The DOH inspector arrives, and you think everything is great. You have no active pest issues, temps are all good – then they hit you with their magic bullet – the elusive “Pest Conducive Conditions” violation.
Urgh! It can drive you crazy!
Today, the DOH looks at Pest Conducive Conditions just as seriously as having the actual pest. On top of that, the arbitrary nature of all inspections only adds to our frustration. What one inspector considers as a 1 point violation, another may give you 4 points.
So how do we combat this?
Simple. Make sure you do not have these conditions in your restaurant.
But where do you look – What are you even looking for?
The answers are fairly easy.
What you Need: A really good flashlight.
In fact get a few of them. Give them to all your managers and cleaning staff. So many times these conditions exist simply because you don’t see them.
Where should you look?
- Under Equipment– You have to look beyond Surface Clean. So many times we get fooled by clean, gleaming sheet metal and sparkling floors. Look at this picture of what appears to be an immaculate kitchen. Yet, just by looking at the pipes and drains under the steam table.
- literal piles of rotting, organic matter that are hugely attractive to any pest. You can’t assume that just because the top of your equipment is clean, that it is just as clean below. Legs of equipment, pipes, hoses all work like blockers in a football game. Protecting debris and allowing it to decay. Again, this creates conditions perfectly attractive to all forms of pest.Once you thoroughly inspect your restaurant, you will find your weak, or as I like to call it, your Critical Spots. But once you know these conditions exist, cleaning programs or corrective measures to prevent them from continuing, can be put in place.
- Look for moisture. Water that sits stagnant with organic matter creates ideal conditions for all pests – but especially for flies. This can happen anywhere. Obviously, main water areas are key – under dishwashers, sinks, and bar areas. But sometimes it can be simple, easily overlooked areas.
Here we have a small drinking straw that is wedged between two tiles. Fruit fly larvae were actually living inside the straw and below it.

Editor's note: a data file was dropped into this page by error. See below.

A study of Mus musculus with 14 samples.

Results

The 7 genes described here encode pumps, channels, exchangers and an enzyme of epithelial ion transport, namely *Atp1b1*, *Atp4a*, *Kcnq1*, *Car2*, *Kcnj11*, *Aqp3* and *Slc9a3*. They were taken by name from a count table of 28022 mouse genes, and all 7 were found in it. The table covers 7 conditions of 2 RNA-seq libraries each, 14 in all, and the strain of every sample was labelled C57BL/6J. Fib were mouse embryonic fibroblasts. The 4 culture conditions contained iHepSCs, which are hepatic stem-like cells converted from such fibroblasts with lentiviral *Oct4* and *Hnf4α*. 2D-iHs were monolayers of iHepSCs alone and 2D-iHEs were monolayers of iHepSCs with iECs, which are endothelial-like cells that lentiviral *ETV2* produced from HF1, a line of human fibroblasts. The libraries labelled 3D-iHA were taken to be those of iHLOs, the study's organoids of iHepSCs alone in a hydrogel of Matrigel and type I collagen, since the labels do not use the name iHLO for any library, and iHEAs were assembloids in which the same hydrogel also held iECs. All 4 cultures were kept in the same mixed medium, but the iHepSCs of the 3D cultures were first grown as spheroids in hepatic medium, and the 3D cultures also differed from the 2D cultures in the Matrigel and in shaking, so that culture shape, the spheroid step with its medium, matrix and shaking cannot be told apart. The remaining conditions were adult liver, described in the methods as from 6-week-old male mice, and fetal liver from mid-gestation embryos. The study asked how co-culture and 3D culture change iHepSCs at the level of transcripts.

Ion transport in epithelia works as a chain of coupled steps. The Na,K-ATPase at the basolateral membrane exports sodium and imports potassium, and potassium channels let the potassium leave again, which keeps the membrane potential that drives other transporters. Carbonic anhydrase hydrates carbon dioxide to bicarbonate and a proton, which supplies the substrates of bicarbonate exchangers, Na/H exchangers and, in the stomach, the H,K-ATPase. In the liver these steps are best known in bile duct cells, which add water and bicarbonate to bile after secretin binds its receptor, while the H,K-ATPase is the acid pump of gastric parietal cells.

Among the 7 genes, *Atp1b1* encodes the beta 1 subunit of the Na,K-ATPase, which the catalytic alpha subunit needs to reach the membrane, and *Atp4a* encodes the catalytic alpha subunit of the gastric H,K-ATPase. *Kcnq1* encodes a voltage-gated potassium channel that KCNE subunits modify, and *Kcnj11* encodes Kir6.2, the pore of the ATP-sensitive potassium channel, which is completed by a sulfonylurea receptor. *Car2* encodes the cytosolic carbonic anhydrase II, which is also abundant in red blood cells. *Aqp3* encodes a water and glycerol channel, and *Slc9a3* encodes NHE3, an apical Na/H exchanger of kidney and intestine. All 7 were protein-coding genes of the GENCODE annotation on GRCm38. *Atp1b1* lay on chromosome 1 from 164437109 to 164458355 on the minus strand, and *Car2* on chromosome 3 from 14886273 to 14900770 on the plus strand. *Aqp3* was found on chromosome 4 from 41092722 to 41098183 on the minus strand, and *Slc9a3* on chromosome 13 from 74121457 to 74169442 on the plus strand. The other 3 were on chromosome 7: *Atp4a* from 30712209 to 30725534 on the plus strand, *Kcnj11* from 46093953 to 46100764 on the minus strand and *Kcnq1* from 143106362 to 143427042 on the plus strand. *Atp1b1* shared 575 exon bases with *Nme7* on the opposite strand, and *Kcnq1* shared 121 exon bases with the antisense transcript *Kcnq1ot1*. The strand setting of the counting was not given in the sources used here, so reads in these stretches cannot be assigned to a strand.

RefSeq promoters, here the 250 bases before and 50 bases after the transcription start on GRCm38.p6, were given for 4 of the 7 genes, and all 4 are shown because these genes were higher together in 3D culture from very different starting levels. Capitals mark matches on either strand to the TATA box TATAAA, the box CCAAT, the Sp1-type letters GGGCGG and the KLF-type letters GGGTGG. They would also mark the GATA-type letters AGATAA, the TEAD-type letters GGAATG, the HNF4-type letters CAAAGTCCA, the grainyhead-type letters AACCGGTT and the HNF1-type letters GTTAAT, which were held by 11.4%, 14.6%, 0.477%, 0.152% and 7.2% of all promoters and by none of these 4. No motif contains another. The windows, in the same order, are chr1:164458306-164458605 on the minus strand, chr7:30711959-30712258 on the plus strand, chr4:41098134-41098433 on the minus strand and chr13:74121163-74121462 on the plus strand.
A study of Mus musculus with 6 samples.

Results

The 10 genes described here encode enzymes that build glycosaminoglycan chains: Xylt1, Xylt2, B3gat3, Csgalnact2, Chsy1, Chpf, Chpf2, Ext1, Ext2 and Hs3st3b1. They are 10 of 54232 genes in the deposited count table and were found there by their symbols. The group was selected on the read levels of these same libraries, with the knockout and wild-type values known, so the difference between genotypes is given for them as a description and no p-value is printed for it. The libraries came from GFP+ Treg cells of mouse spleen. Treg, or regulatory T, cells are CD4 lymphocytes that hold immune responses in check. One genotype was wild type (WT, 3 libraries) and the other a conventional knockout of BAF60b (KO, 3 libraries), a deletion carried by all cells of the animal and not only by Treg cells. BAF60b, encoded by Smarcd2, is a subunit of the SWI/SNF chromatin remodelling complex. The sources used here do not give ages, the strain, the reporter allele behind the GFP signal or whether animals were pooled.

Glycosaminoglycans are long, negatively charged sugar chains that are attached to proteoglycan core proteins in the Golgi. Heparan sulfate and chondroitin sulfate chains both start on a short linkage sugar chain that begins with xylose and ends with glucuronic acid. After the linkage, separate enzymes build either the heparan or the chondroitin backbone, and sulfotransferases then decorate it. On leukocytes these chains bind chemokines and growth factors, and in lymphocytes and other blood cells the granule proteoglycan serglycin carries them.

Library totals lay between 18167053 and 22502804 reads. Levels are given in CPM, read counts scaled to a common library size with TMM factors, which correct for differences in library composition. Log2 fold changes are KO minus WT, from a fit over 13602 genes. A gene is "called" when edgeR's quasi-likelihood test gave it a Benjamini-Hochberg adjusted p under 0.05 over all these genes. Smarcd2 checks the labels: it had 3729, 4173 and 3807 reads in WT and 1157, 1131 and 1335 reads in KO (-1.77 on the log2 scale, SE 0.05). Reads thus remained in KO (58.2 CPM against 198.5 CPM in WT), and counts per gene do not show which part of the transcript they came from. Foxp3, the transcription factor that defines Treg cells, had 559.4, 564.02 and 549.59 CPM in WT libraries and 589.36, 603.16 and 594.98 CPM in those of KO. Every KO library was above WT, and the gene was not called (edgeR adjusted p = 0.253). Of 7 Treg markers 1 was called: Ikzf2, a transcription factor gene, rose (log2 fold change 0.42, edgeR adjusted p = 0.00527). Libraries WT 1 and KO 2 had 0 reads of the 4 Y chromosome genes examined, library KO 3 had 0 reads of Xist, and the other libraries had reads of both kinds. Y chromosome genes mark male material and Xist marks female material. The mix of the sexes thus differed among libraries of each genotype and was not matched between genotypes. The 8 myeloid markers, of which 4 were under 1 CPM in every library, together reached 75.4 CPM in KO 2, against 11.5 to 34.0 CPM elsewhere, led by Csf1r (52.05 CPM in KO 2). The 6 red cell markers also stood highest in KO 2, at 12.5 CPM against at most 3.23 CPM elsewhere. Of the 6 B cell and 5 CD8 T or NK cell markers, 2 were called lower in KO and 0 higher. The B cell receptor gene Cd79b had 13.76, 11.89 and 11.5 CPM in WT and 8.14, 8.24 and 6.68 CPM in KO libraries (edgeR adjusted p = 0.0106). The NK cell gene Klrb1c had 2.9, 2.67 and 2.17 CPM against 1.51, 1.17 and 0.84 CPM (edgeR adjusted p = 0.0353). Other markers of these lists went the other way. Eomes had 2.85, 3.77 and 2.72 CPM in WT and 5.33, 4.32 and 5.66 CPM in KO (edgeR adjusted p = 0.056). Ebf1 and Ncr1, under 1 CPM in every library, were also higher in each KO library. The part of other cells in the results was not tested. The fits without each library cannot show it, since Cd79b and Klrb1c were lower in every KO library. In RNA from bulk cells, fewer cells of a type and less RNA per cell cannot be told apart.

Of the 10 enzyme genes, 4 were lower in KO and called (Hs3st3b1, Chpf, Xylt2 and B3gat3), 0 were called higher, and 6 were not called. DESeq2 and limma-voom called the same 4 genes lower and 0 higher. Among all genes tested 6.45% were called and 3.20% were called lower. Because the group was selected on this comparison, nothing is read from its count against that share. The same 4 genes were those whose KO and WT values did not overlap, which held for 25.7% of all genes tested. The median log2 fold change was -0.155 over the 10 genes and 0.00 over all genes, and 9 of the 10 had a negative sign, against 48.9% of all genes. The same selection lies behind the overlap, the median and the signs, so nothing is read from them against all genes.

What could you do to prevent this?
Look at your floor an hour after it is mopped. All areas should be totally dry. If not, look how you can correct it. Sometimes, a little grout and cement can do wonders to prevent moisture issues. Any equipment that uses water is also very vulnerable. Check under and behind all refrigerator and freezer units and ice machines.
- Grease and food debris. Grease and food debris are highly attractive to rodents and houseflies. Do you know what it looks like under your stove or fry machines? These can be very difficult areas to clean, especially if they have been overlooked for a while. If buildup is already occurring, this is a gift to the health inspector. The sooner you catch these issues, the easier it is to set up a regular cleaning program.
Again, you have to look inside your equipment.
Again, it appears to be a clean griddle. Yet if you looked through one of the slots in the front, a ton of grease and food debris is caked on
What if the inspector thinks the burnt food are rodent droppings? Regardless, it certainly is a pest conducive area.
The health department goes after pest conducive areas for one simple fact – they really ARE conditions that pests love. The fewer conditions you have like this in your restaurant, the fewer pests you will have.
So get a flashlight, get on your hands and knees and see what is really going on in your restaurant. And, when that inspector does arrive – relax and know that the blue A will soon be in your window.
Michael Broder is the President of BHB Pest Elimination. Since 1969, BHB Pest Elimination has been dedicated to NYC’s food and hospitality industry. If you need help identifying your pest conducive areas, or for any information on our Pest Elimination Programs., please contact us and we will gladly provide you with a free site evaluation. 212-242-3383 or firstname.lastname@example.org.